Mehdi Forough (From Wikipedia)
Mehdi Forough (1911-2008) was an Iranian scholar, author, dramatist, writer on dramatic arts and culture, translator, and founder of the College of Dramatic Arts in Tehran. A native of Esfahan, Mehdi Forough attended Danesh Sara-ye Aali in Tehran and went on to study at the Royal Academy of Dramatic Arts, London. He did graduate studies at Columbia University, NYC, where he completed his thesis, Comparative study of Abraham's sacrifice in Persian passion plays and Western mystery plays, 1954. This work was later published by the Ministry of Culture, in Tehran.
Upon his return to his native land he founded the College of Dramatic Arts at which he was teacher and mentor to a whole generation of notable actors, playwrights, and theater producers who continue his legacy around the world. He wrote for the journal Sokhan and authored numerous articles for many other publications. Amongst his books are a treatise on music, titled She'r va Musighi (Poetry and Music, 1957), Nofooz e elmi va elm-e-musighi-e Iran dar keshvar hay-e digar (The Scientific and Cultural Influence of Persian Music in other Countries), and Shahnameh va Adabiat-e-Dramatic (Shahnameh and the Dramatic Literature). In the late nineteen seventies he was the president of Bonyad-e-Shahnameh, an institution devoted to the preservation of the authenticity of Ferdowsi's epic poem.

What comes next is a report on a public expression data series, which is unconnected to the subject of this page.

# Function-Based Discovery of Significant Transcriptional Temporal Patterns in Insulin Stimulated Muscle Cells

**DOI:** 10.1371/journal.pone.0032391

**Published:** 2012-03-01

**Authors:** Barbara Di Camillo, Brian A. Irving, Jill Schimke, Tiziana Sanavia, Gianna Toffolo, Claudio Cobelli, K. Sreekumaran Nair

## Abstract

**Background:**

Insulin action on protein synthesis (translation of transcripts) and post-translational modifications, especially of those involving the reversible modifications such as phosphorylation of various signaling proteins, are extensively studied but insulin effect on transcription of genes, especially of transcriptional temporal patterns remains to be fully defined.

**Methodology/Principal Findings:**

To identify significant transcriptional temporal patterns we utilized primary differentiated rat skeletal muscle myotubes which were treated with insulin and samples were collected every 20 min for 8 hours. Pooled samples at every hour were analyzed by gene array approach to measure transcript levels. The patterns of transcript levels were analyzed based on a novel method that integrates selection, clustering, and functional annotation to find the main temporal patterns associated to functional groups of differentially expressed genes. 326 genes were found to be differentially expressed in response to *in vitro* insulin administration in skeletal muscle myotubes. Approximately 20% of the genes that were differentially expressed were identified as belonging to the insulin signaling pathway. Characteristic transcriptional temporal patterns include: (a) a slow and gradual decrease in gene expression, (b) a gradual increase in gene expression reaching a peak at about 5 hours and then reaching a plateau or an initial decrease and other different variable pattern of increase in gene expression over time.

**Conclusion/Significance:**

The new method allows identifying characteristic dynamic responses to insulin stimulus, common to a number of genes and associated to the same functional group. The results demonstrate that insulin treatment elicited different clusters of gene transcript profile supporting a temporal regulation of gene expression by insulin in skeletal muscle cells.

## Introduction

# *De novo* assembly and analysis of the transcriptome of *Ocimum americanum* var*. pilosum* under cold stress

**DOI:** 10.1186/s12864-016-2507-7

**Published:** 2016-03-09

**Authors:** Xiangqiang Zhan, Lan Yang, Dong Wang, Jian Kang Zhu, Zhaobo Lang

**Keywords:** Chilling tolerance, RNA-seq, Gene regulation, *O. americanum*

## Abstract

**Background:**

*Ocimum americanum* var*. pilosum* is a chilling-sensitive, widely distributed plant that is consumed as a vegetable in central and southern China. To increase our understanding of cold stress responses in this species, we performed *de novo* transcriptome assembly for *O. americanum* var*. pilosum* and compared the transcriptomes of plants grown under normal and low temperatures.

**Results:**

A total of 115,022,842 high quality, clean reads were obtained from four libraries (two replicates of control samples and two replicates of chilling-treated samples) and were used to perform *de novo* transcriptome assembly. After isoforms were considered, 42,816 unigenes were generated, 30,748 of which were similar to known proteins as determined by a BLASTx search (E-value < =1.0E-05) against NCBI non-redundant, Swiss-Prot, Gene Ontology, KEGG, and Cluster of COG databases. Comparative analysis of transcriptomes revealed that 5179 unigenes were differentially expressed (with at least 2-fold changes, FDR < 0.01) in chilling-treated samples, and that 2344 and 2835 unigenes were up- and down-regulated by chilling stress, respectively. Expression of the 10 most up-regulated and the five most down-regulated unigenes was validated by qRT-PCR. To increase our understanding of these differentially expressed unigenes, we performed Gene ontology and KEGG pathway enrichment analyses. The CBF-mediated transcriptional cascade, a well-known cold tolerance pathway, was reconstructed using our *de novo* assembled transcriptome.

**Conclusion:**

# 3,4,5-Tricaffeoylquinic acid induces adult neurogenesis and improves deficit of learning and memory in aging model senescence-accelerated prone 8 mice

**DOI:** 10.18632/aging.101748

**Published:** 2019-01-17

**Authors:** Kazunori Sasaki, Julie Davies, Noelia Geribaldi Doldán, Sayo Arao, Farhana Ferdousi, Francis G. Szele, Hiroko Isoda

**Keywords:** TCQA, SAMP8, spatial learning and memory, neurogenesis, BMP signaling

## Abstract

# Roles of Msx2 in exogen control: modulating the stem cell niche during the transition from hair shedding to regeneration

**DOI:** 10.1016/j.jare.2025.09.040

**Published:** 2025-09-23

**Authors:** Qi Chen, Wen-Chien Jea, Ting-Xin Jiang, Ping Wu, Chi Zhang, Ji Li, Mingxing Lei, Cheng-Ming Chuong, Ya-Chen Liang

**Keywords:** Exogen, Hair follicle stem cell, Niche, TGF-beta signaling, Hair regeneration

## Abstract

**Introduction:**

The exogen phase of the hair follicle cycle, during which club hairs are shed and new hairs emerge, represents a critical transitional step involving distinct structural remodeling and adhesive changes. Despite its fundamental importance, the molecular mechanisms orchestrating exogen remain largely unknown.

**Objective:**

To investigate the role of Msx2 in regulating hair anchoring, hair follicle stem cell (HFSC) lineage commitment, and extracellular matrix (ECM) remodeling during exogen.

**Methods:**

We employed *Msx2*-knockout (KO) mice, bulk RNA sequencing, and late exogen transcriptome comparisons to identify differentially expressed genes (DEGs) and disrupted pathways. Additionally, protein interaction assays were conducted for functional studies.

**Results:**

He is also known for his excellent translations of English texts into Persian. Amongst his many translations of plays are Tennessee Williams' Glass Menagerie and August Strindberg's The Father both of which he staged and directed. Furthermore, he translated Henrik Ibsen's plays, A Doll's House and Ghost. Another translation related to the Theater is Lajos Egri's The Art of Dramatic Writing. He also translated Aaron Copland's What to Listen for in Music, and Men of Music by Wallace Brockway and Herbert Weinstock. Mehdi Forough, is said to have possessed a legendary voice, although he never performed publicly. He is the composer of a song cycle in which he set well-known Persian poems of Hafez, Saadi, and others to music.
Mehdi Forough was married to Fakhri Dowlatabadi, one of the Iranian women pioneers in playing and teaching of western classical music and the daughter of Haji Mirza Yahya Dowlatabadi, prominent Constitutionalist of the 1906 Revolution and one of the founders of the modern school systems in Iran. Mehdi Forough's son is the violinist and professor, Cyrus Forough.